McKinley Fire burns at least 50 structures; Parks Highway remains closed

A dramatic increase in fire intensity on the McKinley Fire near Mile 88 of the Parks Highway on Sunday afternoon resulted in the loss of at least 50 structures as firefighters and other emergency responders worked furiously to evacuate and rescue residents threatened by the fire.

A smoke plume from the McKinley Fire burning along the Parks Highway seen from the highway on Sunday. Photo by Maureen Clark/Alaska Division of Forestry A smoke plume from the McKinley Fire burning along the Parks Highway seen from the highway on Sunday. Photo by Maureen Clark/Alaska Division of Forestry

Alaska Division of Forestry and Matanuska-Susitna Borough personnel are still working to account for residents who chose not to evacuate their homes or go to an evacuation shelter. Forestry, borough and Red Cross officials are working to determine how many structures were lost but specific details about structures that burned are not currently available.

Driven by strong north winds, the fire jumped from the east side of the Parks Highway to the west side at around 6 p.m., prompting immediate evacuations on both sides of the highway from Mileposts 82 to 91. Firefighters from Forestry, local fire departments and Alaska State Troopers assisted with evacuation efforts.

The Parks Highway was closed at milepost 71.25 on the south and the Upper Susitna Senior Center on Helena Avenue at approximately milepost 98.5 on the north. The highway remained closed as of 11 p.m. There was no timetable for when the road will be reopened at the time of this report.

The latest size estimate on the fire was approximately 1,800 acres as of 10 p.m. Sunday.

Evacuation shelters have been established north and south of the Parks Highway closure. The shelter on the south end is located at the Menard Sports Complex in Wasilla and the shelter on the north end of the closure is at the Upper Susitna Senior Center at approximately Mile 98.5.

A part of the McKinley Fire seen on Sunday, August 18, 2019 after the fire burned through the area. Photo by Maureen Clark/Alaska Division of Forestry A part of the McKinley Fire seen on Sunday, August 18, 2019 after the fire burned through the area. Photo by Maureen Clark/Alaska Division of Forestry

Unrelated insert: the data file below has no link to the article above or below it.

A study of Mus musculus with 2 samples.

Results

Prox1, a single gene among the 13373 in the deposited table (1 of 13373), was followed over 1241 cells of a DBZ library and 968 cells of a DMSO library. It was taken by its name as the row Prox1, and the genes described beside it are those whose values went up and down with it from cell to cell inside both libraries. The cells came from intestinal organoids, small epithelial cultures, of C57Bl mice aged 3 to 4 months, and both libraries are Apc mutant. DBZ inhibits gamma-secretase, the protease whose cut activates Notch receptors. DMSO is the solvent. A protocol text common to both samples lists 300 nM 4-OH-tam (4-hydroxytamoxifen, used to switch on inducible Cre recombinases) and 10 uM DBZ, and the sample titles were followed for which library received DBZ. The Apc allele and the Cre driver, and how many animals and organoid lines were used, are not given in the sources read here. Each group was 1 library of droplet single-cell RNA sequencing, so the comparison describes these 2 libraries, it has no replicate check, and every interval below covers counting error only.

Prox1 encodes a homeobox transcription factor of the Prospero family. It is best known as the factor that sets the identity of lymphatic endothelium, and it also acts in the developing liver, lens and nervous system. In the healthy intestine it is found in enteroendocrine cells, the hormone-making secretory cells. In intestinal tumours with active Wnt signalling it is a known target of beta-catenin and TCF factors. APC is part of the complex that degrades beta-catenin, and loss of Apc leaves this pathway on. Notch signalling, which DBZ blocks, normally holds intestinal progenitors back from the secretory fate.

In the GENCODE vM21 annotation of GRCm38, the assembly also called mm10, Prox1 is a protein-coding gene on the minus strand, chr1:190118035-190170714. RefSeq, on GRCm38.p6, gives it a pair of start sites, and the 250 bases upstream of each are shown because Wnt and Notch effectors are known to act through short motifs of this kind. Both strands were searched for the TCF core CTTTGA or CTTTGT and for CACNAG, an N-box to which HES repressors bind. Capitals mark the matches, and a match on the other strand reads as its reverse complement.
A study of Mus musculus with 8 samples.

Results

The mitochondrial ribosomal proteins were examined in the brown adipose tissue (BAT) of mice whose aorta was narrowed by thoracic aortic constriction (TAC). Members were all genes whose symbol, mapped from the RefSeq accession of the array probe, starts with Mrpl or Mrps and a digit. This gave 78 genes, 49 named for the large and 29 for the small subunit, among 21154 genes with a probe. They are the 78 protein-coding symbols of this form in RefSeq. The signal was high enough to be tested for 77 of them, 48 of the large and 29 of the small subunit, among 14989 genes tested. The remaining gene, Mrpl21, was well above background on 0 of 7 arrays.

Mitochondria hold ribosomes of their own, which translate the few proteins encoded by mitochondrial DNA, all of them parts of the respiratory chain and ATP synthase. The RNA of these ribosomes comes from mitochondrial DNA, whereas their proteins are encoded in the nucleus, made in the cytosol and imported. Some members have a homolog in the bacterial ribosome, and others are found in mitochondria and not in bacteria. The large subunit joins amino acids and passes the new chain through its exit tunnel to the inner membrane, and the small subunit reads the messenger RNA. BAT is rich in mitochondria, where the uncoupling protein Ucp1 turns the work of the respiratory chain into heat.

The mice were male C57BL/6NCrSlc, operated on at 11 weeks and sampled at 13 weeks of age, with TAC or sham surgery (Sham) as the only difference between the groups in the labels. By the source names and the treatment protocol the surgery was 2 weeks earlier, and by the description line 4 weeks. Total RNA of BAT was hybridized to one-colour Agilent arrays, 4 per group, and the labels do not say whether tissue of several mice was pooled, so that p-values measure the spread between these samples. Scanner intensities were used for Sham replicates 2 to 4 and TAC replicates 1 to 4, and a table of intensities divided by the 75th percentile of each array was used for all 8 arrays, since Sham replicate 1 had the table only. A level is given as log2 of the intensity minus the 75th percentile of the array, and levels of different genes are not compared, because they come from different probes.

The fire was started Saturday afternoon when a tree was blown onto a powerline near Mile 91 of the Parks Highway. The fire grew to about 150 acres overnight and burned up to the Parks Highway but remained east of the highway. That changed late Sunday afternoon when strong winds and warm, dry conditions fueled extreme fire behavior that prevented suppression efforts and forced firefighters to focus their efforts on evacuating residents and protecting structures threatened by the fire.

A Type 2 Incident Management Team from Alaska will be taking command of the McKinley Fire on Tuesday and two more incident management teams from the Lower 48 are enroute to take over management of the Deshka Landing Fire and Swan Lake Fire.

With the increase in wildfire activity in Southcentral Alaska the past two days, Forestry is also bringing up multiple other resources from the Lower 48 to assist with containment of fires. Ten hotshot crews are enroute to Alaska and should arrive Monday afternoon. Those crews will be split among the three fires listed above. Two air retardant tankers and four water-scooping aircraft are also enroute to Alaska.

This map shows the evacuation area on both sides of the Parks Highway for the McKinley Fire. For a downloadable PDF version of the map, go to Evacuation area map for McKinley Fire Aug. 18

 

 

About Alaska Division of Forestry

Alaska Division of Forestry website: http://forestry.alaska.gov/ Mission: The Alaska Division of Forestry proudly serves Alaskans through forest management and wildland fire protection. The Wildland Fire and Aviation Program provides safe, cost-effective and efficient fire protection services and related fire and aviation management activities to protect human life and values on State, private and municipal lands. The wildland fire program cooperates with other wildland fire agencies on a statewide, interagency basis.